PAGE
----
Governments around the world are largely disconnected from the population they purportedly represent with their policies. While the fortunate among us vote for our leaders once every four or five years we are generally voting for figureheads and not policies. What actually gets enacted by our elected leaders once they assume their position is often of great controversy among the population at large, but is rarely challenged head-on.

Party politics

In many parts of the world there is little in the way of real choice when it comes to electing our leaders. Many countries have only two or three mainstream parties to choose from with little likelihood of any smaller parties or independent candidates being elected to office. In Australia’s preferential voting system the options, instead of being more varied and truly representative, appear to be just as limited overall.

The reality with many political parties is that their proposed policies vary only within a narrow set of parameters, mainly regarding a style of governance, but doing nothing to challenge the economic or finance systems.

Much of party politics involves election campaigns revolving around rhetoric and the encouragement to vote for one party due to the shortcomings of another, rather than any real merit. Once politicians are elected to office their policies seem to be short-term in scope, seeking only to survive a term or two and then disappear with a golden handshake that will ensure them a comfortable retirement. Very few long-term goals are evident in much of their activity.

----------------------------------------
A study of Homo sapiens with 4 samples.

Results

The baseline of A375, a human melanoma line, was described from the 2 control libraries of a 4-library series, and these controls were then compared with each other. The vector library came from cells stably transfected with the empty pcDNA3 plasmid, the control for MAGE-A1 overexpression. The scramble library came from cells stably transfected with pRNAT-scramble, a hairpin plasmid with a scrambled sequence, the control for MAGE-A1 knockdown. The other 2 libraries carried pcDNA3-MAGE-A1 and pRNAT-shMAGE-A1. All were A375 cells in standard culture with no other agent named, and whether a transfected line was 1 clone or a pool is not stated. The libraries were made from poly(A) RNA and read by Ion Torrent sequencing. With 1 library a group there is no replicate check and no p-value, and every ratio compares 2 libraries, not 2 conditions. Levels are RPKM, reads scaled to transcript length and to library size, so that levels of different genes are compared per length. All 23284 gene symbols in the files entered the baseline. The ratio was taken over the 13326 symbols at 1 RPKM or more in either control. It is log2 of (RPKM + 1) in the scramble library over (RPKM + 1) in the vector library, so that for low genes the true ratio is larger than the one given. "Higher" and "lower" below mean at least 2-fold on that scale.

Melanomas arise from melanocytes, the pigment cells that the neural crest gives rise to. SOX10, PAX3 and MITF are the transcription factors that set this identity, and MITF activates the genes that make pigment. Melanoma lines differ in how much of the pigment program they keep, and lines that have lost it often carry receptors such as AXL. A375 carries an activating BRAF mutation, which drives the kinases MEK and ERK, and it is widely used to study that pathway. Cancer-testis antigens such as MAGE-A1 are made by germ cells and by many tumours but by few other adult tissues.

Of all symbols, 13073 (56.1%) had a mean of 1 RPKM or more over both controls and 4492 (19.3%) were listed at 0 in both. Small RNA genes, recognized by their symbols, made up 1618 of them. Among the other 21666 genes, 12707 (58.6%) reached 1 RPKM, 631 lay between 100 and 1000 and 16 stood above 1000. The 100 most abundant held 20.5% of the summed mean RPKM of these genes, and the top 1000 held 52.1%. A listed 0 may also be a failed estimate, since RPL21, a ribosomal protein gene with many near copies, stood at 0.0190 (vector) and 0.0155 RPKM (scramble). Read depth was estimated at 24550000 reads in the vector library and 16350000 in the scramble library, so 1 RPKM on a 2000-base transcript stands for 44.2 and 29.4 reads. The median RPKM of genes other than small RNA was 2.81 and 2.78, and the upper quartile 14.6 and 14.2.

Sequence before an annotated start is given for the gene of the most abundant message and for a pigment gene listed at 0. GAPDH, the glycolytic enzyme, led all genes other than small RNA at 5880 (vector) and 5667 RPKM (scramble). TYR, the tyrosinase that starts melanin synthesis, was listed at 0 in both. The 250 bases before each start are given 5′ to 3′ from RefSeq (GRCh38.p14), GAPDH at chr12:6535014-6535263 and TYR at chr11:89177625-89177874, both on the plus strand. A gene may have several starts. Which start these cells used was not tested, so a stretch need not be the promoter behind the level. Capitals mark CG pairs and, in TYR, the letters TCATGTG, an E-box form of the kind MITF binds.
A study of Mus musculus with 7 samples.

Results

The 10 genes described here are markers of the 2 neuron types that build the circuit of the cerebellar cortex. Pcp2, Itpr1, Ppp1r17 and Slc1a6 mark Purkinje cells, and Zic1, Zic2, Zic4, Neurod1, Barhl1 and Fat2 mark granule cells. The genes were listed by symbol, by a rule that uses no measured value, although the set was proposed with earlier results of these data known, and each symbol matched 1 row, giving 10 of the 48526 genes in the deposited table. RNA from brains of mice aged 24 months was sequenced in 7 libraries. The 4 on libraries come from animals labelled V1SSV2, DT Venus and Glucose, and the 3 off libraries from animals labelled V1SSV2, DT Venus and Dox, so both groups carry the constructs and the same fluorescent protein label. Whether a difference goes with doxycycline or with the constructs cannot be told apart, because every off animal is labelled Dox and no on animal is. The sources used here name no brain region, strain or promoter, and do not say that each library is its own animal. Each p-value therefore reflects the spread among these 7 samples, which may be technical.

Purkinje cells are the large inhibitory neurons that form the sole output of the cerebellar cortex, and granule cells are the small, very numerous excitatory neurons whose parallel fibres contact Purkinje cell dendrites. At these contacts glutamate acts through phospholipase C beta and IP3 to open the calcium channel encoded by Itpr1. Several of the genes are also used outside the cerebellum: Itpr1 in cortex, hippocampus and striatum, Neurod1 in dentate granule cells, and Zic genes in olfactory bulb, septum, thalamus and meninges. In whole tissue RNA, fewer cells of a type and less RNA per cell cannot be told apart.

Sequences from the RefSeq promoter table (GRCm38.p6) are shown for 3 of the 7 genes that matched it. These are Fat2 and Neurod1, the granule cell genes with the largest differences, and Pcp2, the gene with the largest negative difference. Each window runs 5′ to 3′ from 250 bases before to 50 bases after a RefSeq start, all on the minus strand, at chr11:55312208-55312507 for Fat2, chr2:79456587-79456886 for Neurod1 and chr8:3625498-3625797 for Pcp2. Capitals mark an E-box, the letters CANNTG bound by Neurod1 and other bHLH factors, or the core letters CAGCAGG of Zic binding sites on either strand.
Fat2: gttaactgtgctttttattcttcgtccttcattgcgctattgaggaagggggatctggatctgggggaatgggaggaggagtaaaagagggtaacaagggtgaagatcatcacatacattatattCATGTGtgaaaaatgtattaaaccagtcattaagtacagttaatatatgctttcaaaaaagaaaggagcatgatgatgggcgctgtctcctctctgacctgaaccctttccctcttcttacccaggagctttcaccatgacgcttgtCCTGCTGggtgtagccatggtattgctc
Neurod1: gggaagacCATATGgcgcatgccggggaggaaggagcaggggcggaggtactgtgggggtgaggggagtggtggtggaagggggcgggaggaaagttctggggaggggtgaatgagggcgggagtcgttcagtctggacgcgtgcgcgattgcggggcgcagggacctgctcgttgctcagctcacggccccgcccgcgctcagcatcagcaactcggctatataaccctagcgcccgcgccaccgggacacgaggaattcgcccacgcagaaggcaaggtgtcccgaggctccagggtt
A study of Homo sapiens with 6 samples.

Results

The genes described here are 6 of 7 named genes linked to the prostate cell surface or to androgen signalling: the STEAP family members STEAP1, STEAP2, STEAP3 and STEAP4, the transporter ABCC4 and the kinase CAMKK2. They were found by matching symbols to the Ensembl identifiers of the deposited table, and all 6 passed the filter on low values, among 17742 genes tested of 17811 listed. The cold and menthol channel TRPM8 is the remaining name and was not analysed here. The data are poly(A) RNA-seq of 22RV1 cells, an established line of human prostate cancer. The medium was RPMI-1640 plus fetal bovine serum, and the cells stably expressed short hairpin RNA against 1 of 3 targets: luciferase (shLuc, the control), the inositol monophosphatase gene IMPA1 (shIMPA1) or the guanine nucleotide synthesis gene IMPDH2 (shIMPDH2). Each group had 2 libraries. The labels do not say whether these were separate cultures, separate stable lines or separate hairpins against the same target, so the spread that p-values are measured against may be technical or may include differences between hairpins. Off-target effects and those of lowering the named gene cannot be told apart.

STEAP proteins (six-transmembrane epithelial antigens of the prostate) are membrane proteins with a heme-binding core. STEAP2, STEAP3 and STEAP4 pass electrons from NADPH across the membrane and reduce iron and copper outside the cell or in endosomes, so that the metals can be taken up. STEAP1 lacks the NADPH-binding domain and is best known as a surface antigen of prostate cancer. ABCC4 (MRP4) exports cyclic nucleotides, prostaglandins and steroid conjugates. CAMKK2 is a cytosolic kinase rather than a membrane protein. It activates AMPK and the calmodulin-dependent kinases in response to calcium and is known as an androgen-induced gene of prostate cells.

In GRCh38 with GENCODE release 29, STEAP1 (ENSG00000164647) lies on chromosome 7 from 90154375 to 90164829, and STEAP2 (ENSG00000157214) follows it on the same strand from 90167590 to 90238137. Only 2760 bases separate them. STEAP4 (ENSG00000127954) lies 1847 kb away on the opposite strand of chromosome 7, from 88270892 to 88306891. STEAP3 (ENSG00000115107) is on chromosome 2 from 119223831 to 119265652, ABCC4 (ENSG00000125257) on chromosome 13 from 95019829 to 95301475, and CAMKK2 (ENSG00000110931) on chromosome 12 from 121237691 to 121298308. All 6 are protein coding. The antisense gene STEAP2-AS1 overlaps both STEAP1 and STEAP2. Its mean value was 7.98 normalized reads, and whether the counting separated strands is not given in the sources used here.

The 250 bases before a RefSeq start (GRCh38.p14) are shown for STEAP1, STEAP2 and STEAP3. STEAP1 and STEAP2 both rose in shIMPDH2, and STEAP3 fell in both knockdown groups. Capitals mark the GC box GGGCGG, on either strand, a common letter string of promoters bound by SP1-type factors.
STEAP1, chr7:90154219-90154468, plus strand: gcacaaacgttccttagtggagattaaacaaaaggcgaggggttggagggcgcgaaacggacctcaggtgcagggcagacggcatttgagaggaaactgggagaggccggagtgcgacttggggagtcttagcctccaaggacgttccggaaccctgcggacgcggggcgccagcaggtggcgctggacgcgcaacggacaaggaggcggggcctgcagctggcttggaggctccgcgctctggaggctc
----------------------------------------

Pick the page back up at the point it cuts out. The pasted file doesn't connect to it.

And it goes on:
Vested interests

To say that politicians and their parties act in accordance with financial vested interests is to state the obvious. It is widely understood that our politicians serve the interests of business rather than that of the people.


Throughout the world widespread dissatisfaction with leadership results in mass-protests, and even protest movements such as Occupy. However, such protest relies upon a premise that is often taken for granted, namely that the world’s leaders and the governments that they represent a) are in a position to make the changes that are being called for, and b) have the people’s best interests in mind. It is of no minor importance to recognize the fact that governments worldwide have been increasingly concerned with the rights of corporations over the rights of the people, and are, therefore, often in no position to satisfy either condition a or b.

Participatory Governance

Many people are coming to understand that a top-down approach to change of any sort is insufficient, and that the need for action must be translated to those who are able to take such actions to make a difference, and not just communicated at a political level. Local communities also need to be aware that they are acting not only for the benefit of themselves, but holistically, for or everyone/thing. A shifting of perspective is occurring in that when communities use the word “us” they are referring, more and more often, to all components of the ecosystem, and not just themselves as human elements of society.

Empowering communities is a necessary step in the struggle for sustainability. Communities must be able to represent themselves and not just be represented by politicians, corporations or NGOs as intermediaries. Now people are learning to represent themselves and their communities, and are taking responsibility for choosing who will represent them effectively.  It’s a journey, not a destination, and much more needs to be done.